When I was a kid, I loved animal stories. I hated for an especially good book to end, so one of the ways I kept it going was to read nonfiction books about the animals featured in that story. Walter Farley’s and Marguerite Henry’s horse books were favorites, and happily for me, my father had an encyclopedia-style book about the breeds of horses, cattle, sheep and goats common to the United States which I read cover-to-cover throughout my elementary school years. When I got to junior high and my Texas History class had to study the cattle important to early Texas, my teacher was amazed by how much this city kid knew about the subject.
Among other dog stories, I loved Jack London’s Call of the Wild, Jim Kjelgaard’s Big Red series, and Mary Patchett’s Ajax, Golden Dog of the Australian Bush, so one of my favorite nonfiction reads was a book put out by Purina about the various breeds of dogs recognized by the American Kennel Club at that time. I wore that book to a nub; I took it to school, carried it around the neighborhood, slept with it always within reach. My heart broke when it finally fell apart, but a grown-up neighbor—whose German Shepherd, Gretchen, was a particular friend of mine—gave me her copy. I was over the moon!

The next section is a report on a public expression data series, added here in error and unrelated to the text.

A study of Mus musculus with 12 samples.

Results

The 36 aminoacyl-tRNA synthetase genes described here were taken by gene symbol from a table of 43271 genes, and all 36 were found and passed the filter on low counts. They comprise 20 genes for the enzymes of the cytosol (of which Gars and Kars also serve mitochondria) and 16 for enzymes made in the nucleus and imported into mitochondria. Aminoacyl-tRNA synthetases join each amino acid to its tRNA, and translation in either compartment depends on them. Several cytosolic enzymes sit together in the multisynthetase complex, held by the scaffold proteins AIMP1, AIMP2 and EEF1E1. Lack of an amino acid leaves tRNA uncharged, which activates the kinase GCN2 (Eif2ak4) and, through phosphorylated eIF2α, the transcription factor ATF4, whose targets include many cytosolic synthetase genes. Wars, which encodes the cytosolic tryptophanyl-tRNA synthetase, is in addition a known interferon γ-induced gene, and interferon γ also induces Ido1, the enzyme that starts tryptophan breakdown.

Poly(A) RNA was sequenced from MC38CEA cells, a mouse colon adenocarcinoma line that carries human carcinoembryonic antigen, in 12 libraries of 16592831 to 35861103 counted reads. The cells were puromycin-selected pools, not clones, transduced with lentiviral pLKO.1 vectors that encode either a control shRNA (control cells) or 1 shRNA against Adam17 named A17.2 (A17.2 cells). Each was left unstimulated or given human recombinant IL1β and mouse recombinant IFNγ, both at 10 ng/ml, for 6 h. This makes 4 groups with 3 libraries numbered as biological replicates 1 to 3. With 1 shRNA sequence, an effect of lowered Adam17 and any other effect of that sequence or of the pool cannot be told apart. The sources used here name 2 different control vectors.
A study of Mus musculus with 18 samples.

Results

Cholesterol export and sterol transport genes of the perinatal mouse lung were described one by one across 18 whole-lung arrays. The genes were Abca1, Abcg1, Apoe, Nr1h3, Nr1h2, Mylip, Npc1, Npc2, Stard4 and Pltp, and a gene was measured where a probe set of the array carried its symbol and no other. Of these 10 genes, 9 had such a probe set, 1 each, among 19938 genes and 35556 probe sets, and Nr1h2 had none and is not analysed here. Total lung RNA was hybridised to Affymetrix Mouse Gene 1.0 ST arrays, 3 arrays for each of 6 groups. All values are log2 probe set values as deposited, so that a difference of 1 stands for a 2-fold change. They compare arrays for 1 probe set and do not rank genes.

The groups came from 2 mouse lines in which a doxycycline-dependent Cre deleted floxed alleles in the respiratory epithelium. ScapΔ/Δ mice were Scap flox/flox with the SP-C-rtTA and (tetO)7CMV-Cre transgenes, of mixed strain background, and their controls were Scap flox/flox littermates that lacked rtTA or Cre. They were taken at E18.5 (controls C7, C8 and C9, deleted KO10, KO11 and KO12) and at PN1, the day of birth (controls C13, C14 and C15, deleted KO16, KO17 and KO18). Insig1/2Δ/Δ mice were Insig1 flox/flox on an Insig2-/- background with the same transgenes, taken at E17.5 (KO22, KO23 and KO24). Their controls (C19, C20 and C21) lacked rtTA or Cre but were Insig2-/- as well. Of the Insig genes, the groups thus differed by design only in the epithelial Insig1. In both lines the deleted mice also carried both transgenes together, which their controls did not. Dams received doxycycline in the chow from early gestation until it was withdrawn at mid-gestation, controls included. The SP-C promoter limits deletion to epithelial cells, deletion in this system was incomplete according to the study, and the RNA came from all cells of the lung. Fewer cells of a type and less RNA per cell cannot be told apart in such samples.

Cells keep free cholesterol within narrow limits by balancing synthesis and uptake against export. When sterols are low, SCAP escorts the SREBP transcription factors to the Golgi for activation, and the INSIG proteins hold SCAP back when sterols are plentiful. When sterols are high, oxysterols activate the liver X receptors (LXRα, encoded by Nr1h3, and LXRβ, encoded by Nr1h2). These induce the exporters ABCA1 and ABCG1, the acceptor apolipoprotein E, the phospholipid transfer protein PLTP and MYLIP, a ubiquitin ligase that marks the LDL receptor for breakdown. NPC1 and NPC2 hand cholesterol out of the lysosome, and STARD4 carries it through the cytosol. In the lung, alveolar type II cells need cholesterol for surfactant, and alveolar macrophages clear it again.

Of course, other animals—raccoons, wolves, dingoes, snakes, and bears to mention a few—made appearances in many of these books. Though they weren’t the stars of the stories, I still found them fascinating, so I looked for books about them, too. One favorite book was called Studies in Animal Behavior which was written by a husband and wife who had abandoned civilization to live in a cabin in the woods somewhere. The book was just anecdotes about the animals they saw everyday, but it was riveting.
I would have loved it if every novel I read as a kid had a companion nonfiction book, like Mary Pope Osborne and Natalie Pope Broyce’s The Magic Treehouse books—not just nonfiction about animals, but about the world where the story took place and the time when the story happened. Novels spurred my imagination and brought great fun into my childhood, but I also craved knowledge about the real world, especially knowledge that was tied to a beloved story.
These days, I occasionally come across a novel which has a nonfiction segment at the end, like Dotti Enderle’s Crosswire, a tale of a boy in 1880’s Texas. This was exactly the sort of thing I loved as a kid, and still do. Understanding the realities of the time makes the story that much richer. Another thing some authors do is have nonfiction content on their websites, like Kenneth Oppel did for his Silverwing series in which the main characters are bats. I love that site (and his books)!
Happy New Year, everyone! I hope your year is filled with good books of imagination and reality.